Martin Luther King, Jr., Civil Rights Leader
Martin Luther King Jr., was an important figure in the U.S. civil rights movement during the 1960s. King was a Baptist minister, political activist, and an amazing public speaker who fought against the discrimination of African Americans. He believed in creating political and social change through peaceful protest.
In 1963, King and other civil rights leaders organized the March on Washington for Jobs and Freedom. They led 250,000 protesters to the National Mall in Washington, D.C. At this event, King gave his famous “I Have a Dream” speech, calling for racial equality, from the steps of the Lincoln Memorial.
The following year, with growing pressure from the public, the U.S. Congress passed the Civil Rights Act. This made it illegal to make decisions about jobs, education, public lodging, and transportation based on race or skin color. This was followed in 1965 by the Voting Rights Act, making racial discrimination in voting illegal.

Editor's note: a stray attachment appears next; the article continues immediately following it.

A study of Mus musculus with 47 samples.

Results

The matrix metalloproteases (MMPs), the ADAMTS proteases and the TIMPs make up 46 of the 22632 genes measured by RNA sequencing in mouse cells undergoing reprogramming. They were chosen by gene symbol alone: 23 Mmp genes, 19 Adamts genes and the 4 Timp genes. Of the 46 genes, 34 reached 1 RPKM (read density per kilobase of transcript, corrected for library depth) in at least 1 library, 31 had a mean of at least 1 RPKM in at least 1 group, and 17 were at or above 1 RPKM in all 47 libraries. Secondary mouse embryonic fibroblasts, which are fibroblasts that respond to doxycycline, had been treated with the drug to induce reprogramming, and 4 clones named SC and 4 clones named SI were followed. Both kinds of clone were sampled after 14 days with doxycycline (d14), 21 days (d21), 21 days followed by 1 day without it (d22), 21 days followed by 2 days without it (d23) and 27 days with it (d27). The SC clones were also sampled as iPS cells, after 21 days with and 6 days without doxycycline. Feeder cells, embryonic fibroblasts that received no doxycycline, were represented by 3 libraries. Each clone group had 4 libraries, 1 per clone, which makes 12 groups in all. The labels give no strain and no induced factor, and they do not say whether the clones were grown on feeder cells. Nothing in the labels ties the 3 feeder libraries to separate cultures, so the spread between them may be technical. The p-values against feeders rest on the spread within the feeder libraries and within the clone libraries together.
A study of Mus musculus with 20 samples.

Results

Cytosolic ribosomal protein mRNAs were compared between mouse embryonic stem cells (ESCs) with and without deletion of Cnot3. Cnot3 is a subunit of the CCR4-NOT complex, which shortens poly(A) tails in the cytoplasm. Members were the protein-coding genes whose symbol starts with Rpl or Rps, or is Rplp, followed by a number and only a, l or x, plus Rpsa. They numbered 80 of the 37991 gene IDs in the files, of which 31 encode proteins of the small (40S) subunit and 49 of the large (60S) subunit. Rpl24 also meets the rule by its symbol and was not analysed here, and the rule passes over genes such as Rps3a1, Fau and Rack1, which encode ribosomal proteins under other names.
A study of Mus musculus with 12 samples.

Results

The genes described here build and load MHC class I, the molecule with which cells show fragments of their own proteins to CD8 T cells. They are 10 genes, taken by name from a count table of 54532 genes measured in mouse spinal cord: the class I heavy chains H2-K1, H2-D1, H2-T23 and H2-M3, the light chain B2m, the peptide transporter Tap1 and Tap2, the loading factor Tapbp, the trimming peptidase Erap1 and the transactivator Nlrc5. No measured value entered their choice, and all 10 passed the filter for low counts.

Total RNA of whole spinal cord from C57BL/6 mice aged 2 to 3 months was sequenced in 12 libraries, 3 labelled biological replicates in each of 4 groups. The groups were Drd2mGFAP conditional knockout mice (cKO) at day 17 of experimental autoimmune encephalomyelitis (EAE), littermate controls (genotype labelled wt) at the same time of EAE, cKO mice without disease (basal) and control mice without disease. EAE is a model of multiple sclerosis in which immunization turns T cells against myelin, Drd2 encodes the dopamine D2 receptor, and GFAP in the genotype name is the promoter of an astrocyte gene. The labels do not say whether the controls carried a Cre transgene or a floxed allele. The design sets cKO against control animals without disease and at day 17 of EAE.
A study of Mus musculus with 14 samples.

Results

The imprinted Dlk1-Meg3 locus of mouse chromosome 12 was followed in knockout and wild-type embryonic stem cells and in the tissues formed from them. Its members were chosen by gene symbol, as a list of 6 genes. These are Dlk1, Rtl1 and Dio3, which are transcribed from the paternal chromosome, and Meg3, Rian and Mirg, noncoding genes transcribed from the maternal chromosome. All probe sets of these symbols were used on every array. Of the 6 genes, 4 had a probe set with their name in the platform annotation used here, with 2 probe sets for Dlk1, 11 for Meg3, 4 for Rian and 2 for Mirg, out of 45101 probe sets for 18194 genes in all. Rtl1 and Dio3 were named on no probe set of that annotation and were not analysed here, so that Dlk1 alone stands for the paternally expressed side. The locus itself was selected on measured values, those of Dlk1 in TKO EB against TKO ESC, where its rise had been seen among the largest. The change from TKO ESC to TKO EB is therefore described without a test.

On April 4, 1968, King was assassinated at a motel in Memphis, Tennessee. Two months later, presidential candidate Robert F. Kennedy was assassinated as well. Kennedy was also a civil rights leader and President John F. Kennedy’s younger brother. These events were part of what made the 1960s one of the most unsettled periods in U.S. history.
In 1983, Congress established a federal holiday marking King’s birthday (January 15, 1929). The holiday is observed on the third Monday in January each year. This year it falls on January 18.
In 1994, Congress named the holiday as a national day of service. As a way of improving their communities and paying tribute to King, Americans are encouraged to spend the day volunteering for a national or local cause.